Philip G. Craig, who had over 50 years of experience in the rail transit and railroad field and was a prominent active railfan, died on Thursday, December 8, 2016 at his home in Montclair, N.J. He was 79.
Phil suffered a stroke two and half years ago on a high-speed Shinkansen train during the ERA tour of Japan that seriously affected his capability to communicate. Complicating his recovery was a congenital heart condition, pneumonia and finally weakness arising from a broken pelvis two months ago, which eventually resulted in complicatons leading to his death. As late as April, 2016 he was riding streetcars at the Branford trolley museum.
Phil became managing editor of Headlights in 1963 and took over as editor from 1967 through 1970 when Jack May departed to live in the Netherlands. “He stepped in to become indispensable in helping me work on Headlights in 1963 when the job of putting out a monthly news publication became increasingly time consuming,” commented Jack. “I met Phil in 1959, right after I joined the ERA. We became good friends, seeing eye-to-eye and sharing many likes and dislikes on all matters. He had the gift of writing clearly and concisely, and took control of that task, allowing me to edit contributions from ERA members and other reporters, compose feature articles and do the layout and paste-up. He felt that it was not enough to establish that facts were verifiable, but to make sure that all the information necessary for a full understanding of the subject was presented. Phil was a stickler on accuracy, believing the reader deserves the entire story and stated on many occasions that half the truth may be more insidious than an outright lie.”
Phil had over 50 years of experience in the rail transit and railroad field. In addition to being an ERA member since March 11, 1952, he was vice-president of the New Jersey Association of Railroad Passengers (NJ-ARP), a member of the Light Rail Transit Association (Great Britain), a member of the North Jersey Electric Railway Historical Society, and a member of the prestigious Lexington Group in Transportation History. Phil held significant management positions with transport organizations serving large metropolitan areas in the U.S., Great Britain and Greece, as well having been a consultant on rail projects in Canada, India, South Korea, Taiwan and Turkey. He was especially proud of his work in St. Louis that led to the implementation of MetroLink and his involvement with the test of Toronto CLRVs in Boston.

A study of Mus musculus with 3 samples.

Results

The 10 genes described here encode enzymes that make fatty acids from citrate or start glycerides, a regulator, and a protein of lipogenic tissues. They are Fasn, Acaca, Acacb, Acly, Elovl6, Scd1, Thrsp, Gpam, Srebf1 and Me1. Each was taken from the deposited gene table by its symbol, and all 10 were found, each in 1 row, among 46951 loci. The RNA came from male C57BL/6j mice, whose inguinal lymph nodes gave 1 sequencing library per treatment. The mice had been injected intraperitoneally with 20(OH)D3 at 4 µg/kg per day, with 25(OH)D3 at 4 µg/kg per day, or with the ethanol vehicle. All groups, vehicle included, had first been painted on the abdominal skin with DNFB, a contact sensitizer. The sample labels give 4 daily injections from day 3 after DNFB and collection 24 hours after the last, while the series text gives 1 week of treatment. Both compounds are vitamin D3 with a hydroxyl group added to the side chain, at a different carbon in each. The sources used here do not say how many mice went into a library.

While at NJ-ARP, some of Phil’s successes included working on the extension of the Hudson-Bergen Light Rail to Englewood in Bergen County as a member of the Light Rail Panel; inauguration and planning of weekend service on the Montclair-Boonton Line; and attempting to correct the deficiencies of the ARC tunnel. Almost every month he would appear in front of the NJ Transit board and present well-thought out ideas for improving the lot of New Jersey residents and commuters, while also raising specific constructive criticism of the organization’s activities when necessary. Prior to that he also worked on the original Montclair Connection (appearing in front of the Montclair Town Council to support the project and urging the line’s electrification).
Phil was also a videographer and an author. In the feature article “A New Light Rapid Transit Railway for Boston” (The Modern Tramway, September 1959), he described the 1959 conversion of the Boston and Albany Railroad’s Highland Branch into a precursor to today’s light rail transit systems. A feature he wrote for Tramways & Urban Transit (November 2006, pages 298-299), “New Jersey’s Best Kept Secret Revealed,” described NJTransit’s completion of a light rail transit link between Newark’s Pennsylvania Station and Broad Street Station.
Philip G. Craig was born in New Jersey on April 1, 1937. Until a short while before his passing, Phil was quite cognizant of current events, especially developments on the rail and transit scene. He was a ‘true believer’ in the importance of public transportation and the role of rail as the most efficient mode for moving large volumes of people, even in the distressing years when urban and suburban highway construction was running amok and rail transit lines, particularly streetcars and interurbans, were being scrapped. He fought for the retention of these systems as he wholeheartedly believed in fighting for what was right, not backing down in the face of industry opposition that could harm his working career.
Phil never hid the fact that he was a railfan, even when the term was maligned in the board rooms of transit operators and so-called “industry” publications. He traveled worldwide to visit and study rail operations, and would ride trains whenever time permitted. Upon retirement in 2014, he said it was now time to travel and enjoy railfanning. He joins the ranks of rail transit stalwarts like Ed Tennyson, Gordon Thompson, Jon Boyer, Frank Miklos and Jack Boorse who “never lost the faith” and are unfortunately no longer with us.
Phil’s survivors include his wife, Susan, two daughters, Jessica and Andrea, and a grandson, Lorenzo. As he wished, he was buried in Chicopee, Mass., near his wife’s family.